Evi Kalogiropoulou’s film “On Xerxes’ Throne,” commissioned and produced by Onassis Culture, was ‘enthroned’ at the Cannes Film Festival.
The film, shown on Tuesday the 24th as a Critics Week official selection at the 75th Cannes Film Festival, was awarded yesterday with the Canal+ Award for Short Film. Canal+ awarded the prize, which is accompanied by a monetary stipend, to “On Xerxes’ Throne” citing the film’s approach to an ancient Greek story with highly inventive parables situated in an alien landscape.
Alain Kruger, a well-known journalist in France and host of the “Cercle” show, likened Evi Kalogiropoulou and her work to the one of the renowned French filmmaker Claire Denis and her film Beau travail; he urged also the audience not to miss the film by any means.
Evi Kalogiropoulou, herself an avid fan of Denis’ film, was very excited upon receiving the award and thanked warmly the Onassis Foundation for the commission and support, as well as her collaborators, Director of Culture of the Onassis Foundation, Afroditi Panagiotakou, who was the film’s curatorial director, and Yorgos Mazonakis who plays the leading role.
The film will be shown on the prestigious French television network Canal+, which presents works by notable filmmakers from around the world.
In the dystopian workplace that is the Perama shipyards, a longstanding ban on physical contact has turned human interactions into otherworldly simulations of a repressed sensuality that goes beyond stereotypical heteronormative desires. Hinting at the existence of an omnipresent but invisible monitoring mechanism, the film follows the story of Yorgos – the worker there the longest, and manager of the yard – to profile human relationships and exchanges as shaped by an Orewellian everyday existence in which the visual subordinates the emotional.
Once a month, Yorgos leaves Perama, crossing over to the island of Salamis that lies opposite. Both he and the yard’s young workers gaze at the mountain that rises behind Perama, then across the strait, then back again, unsure of what to expect, or what to do.
On Xerxes’ Throne. One of the peaks of Mount Egaleo in the Municipality of Perama – known in antiquity as Amfiali – is thought to be the site where Xerxes sat as he watched the destruction of the Persian fleet in the Battle of Salamis, in 480 BCE. As if in that same position, Kalogiropoulou observes her leads from a distance, placing them on the “throne” determined by each person’s own little world – be it an automated piece of heavy machinery or a section of metal scaffolding – with everyone trapped within, and observers of a dystopian universe and grim ritual that suppresses human desire.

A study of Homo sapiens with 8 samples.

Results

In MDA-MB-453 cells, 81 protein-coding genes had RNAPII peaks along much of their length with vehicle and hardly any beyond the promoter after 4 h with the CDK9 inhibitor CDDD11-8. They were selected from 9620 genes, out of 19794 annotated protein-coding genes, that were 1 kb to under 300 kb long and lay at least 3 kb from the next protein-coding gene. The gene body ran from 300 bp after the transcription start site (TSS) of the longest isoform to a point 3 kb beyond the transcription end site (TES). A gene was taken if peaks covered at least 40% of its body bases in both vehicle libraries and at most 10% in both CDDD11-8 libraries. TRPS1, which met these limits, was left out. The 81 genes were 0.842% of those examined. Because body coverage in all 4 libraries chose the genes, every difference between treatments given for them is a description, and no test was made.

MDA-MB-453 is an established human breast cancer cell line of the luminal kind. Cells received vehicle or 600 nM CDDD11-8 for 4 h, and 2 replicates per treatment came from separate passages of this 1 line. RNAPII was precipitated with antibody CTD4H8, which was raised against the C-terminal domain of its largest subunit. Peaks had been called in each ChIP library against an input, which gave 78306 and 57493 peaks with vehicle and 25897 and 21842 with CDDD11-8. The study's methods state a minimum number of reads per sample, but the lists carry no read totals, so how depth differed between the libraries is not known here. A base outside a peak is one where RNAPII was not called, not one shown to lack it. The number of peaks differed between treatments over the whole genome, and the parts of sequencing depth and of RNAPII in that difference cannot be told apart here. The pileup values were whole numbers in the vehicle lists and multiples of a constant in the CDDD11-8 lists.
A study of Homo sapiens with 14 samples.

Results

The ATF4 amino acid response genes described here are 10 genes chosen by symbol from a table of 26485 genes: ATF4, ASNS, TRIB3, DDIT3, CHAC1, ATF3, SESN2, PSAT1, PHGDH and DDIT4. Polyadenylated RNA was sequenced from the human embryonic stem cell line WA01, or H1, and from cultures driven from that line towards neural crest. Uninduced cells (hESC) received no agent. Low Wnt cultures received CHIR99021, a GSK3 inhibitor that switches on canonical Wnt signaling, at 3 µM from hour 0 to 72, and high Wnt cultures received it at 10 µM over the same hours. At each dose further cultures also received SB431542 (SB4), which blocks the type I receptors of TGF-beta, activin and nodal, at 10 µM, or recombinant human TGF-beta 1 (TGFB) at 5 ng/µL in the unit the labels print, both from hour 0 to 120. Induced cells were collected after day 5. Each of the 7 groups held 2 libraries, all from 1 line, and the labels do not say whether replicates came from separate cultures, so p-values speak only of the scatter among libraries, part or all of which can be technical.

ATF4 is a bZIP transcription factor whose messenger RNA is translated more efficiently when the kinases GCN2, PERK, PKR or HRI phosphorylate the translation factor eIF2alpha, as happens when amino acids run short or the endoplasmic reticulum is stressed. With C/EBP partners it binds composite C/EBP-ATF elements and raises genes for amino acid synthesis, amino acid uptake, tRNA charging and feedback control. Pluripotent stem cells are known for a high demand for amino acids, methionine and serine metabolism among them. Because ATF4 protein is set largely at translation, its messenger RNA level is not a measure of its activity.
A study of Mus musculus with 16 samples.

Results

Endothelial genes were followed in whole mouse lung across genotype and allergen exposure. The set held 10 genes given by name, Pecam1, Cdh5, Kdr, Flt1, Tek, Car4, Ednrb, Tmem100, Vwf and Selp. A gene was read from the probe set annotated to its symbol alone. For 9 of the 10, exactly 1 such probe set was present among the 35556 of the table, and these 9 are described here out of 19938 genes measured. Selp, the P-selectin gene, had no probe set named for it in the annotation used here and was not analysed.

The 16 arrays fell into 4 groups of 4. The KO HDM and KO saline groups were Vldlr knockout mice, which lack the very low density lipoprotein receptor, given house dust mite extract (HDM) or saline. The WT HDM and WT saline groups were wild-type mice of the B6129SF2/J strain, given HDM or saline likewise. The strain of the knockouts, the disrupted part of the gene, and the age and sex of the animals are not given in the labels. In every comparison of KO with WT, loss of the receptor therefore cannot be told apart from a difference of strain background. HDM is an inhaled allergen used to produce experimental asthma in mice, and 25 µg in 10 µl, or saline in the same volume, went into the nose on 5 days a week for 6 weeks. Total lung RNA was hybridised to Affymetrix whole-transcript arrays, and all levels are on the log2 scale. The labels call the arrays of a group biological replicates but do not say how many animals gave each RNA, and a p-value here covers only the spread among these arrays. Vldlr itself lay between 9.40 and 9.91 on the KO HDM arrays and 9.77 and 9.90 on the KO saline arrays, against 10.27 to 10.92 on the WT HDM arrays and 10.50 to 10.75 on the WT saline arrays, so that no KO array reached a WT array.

With this film, Kalogiropoulou has chosen to talk about the human body, beauty, the futility of work, and the conditions imposed by paranoid surveillance, but also about blood and estrangement, about gender, about sexual desire and its limits.
The role played by Yorgos Mazonakis, a famous greek singer, is both enigmatic and autobiographical. Enigmatic in terms of the questions: Is he human, or a machine? Where does he come from, and why is he finally able to smash such a deeply-rooted mandate of suppression? What is the nature of the eroticism he exudes? The role is autobiographical as the film marks the Greek artist’s return to Perama, and to the place where his father once worked.
Kalogiropoulou’s first version of the film – titled “I Belong to Me” – was commissioned for the “You and AI: Through the Algorithmic Lens” exhibition, presented by Onassis Stegi at Pedion tou Areos park in Athens (06.24–07.25.2021), exploring the themes of algorithms and artificial intelligence, creativity and ethics, and curated by Afroditi Panagiotakou, Director of Culture at the Onassis Foundation. The film was shot at Hellenic Shipyards S.A. in Perama in June 2021.
Evi Kalogiropoulou is a visual artist working in Athens and London, while living in Athens. Her film “Motorway 65” was selected for the Official Short Film Competition of the 73rd Cannes Film Festival in 2020. She is currently developing her feature film Cora; she participated with this project at Cinemart of Rotterdam Film Festival where she won the Eurimages Coproduction Development Award.
Evi works mostly with moving image works, and experimental films. Her projects explore ideas associated with the inclusion/exclusion, cross-culture identity, female figures in ancient Greek mythology frames, and post-apocalyptic environments.
The Onassis Foundation looks to the future of cinema and becomes an active part of new artistic creations. Through film production, it invests over time in new talents and strong stories.
The Onassis Foundation has co-produced and/or supported two more films screened at Cannes: Panos Koutras’ new film, Dodo (co-produced), which was selected at Cannes Premiére, and The Dam by Ali Cherri (supported), which premieres at Directors Fortnight.